West Virginia's Geno Smith is widely considered the top talent among this year's gang of draft-eligible quarterbacks.

If you're waiting for the next Andrew Luck to walk through the door, you're in trouble, but Smith comes equipped with some visible attributes of an NFL quarterback -- along with areas that need work. This according to NFL Films senior producer Greg Cosell.

"There's no question that he has an NFL arm -- he's an NFL talent," Cosell said Thursday on the Yahoo! Sports Shutdown Corner draft podcast. "He's got some other issues. He's got footwork issues, but that can be corrected. He plays almost exclusively in the shotgun and he's a bit of a bouncer -- in other words, he doesn't take the snap, drop back, stick his foot in the ground and get ready to go.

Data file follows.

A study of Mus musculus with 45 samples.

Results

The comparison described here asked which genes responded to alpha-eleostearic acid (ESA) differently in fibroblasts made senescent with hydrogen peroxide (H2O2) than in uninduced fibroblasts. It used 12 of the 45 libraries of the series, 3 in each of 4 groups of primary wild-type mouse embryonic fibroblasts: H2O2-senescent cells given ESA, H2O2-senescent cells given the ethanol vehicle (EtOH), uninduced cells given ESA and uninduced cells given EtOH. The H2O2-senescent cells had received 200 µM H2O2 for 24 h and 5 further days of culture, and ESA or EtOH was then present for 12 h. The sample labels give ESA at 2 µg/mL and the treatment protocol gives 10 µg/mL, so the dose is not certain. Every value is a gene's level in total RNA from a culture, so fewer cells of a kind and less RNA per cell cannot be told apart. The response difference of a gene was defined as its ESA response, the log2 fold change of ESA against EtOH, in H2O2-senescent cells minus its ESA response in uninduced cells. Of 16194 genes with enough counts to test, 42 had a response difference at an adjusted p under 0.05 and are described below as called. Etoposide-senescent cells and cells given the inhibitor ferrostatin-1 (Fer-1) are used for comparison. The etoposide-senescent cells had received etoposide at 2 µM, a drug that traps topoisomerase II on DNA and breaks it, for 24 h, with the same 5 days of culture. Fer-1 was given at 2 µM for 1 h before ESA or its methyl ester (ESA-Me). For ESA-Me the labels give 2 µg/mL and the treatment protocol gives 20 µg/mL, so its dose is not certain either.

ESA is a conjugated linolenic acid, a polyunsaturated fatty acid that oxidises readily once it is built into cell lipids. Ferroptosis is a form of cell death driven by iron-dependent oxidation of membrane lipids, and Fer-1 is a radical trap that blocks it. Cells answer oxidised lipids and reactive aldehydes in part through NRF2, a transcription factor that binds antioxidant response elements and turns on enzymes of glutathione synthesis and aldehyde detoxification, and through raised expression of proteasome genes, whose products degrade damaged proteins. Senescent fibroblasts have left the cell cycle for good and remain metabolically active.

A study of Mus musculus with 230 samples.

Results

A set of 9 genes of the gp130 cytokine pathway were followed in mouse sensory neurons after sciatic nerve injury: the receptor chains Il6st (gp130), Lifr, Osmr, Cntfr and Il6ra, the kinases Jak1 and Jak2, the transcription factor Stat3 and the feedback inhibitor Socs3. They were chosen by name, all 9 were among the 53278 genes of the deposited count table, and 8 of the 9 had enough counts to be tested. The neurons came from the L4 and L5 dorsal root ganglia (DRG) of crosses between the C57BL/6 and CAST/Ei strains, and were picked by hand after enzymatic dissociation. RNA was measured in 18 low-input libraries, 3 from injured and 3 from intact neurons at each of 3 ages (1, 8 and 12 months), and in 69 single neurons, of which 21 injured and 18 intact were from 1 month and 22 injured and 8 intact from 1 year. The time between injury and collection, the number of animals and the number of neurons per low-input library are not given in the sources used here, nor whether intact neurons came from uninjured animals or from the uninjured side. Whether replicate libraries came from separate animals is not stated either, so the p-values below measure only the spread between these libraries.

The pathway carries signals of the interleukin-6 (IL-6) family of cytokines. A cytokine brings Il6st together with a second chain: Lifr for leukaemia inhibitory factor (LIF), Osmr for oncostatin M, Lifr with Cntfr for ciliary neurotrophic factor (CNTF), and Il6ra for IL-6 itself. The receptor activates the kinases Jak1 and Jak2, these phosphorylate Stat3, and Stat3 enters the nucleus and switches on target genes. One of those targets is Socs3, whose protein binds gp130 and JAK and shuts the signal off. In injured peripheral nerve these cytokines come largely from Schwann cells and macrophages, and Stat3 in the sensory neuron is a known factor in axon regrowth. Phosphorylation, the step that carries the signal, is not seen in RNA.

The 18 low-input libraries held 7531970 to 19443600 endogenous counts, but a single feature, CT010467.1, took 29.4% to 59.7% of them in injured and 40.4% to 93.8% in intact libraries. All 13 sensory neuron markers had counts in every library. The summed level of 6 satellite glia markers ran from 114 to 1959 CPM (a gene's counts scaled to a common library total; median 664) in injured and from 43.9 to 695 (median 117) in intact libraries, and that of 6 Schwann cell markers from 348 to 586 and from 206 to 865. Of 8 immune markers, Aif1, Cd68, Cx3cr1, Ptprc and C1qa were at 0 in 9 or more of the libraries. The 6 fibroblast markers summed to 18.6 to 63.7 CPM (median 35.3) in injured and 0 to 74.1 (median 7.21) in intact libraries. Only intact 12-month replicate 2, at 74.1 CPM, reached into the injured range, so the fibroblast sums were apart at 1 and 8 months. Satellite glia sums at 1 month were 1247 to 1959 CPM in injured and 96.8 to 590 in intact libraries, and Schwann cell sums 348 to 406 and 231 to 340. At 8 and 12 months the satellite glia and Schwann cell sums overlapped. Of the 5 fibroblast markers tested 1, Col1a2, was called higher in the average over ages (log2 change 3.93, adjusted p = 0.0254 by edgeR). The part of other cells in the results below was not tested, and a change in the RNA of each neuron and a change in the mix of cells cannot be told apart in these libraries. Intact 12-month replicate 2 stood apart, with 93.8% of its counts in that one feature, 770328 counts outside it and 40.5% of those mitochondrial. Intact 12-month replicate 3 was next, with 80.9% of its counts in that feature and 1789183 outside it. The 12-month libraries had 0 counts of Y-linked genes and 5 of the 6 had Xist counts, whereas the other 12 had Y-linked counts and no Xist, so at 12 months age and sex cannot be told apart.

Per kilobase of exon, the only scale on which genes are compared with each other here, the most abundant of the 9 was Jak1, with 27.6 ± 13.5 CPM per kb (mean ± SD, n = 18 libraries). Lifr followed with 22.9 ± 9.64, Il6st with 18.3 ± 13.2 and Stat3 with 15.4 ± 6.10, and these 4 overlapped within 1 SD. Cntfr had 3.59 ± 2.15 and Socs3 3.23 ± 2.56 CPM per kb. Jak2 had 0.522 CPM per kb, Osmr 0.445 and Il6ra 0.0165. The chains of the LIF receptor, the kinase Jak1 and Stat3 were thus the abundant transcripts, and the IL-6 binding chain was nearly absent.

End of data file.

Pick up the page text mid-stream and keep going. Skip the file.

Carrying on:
"He sort of bounces, so when he decides where he wants to throw the ball, he then needs to plant and deliver. Sometimes he hurries himself doing that if there are bodies closer to him, and at other times, he's a beat late with throws, because he has that extra half-second where he then has to plant and throw. At times, I thought he was a little bit erratic and scattershot with his accuracy, and he left some routine throws on the field."

Cosell was quick to point out that the 2013 NFL Draft class of quarterbacks -- considered an underwhelming collection of passers, to say the least -- shouldn't be judged against last year's wunderkinds.


The problem for these young passers is an issue of patience. After watching Luck, Robert Griffin III and Russell Wilson tear up the NFL as newbies, tolerance for slow-cooked arm talent is at an all-time low. Smith and the rest of this class would benefit from time to watch and learn, but the NFL is no longer a watch-and-learn league for first-year signal callers.

Follow Marc Sessler on Twitter @MarcSesslerNFL.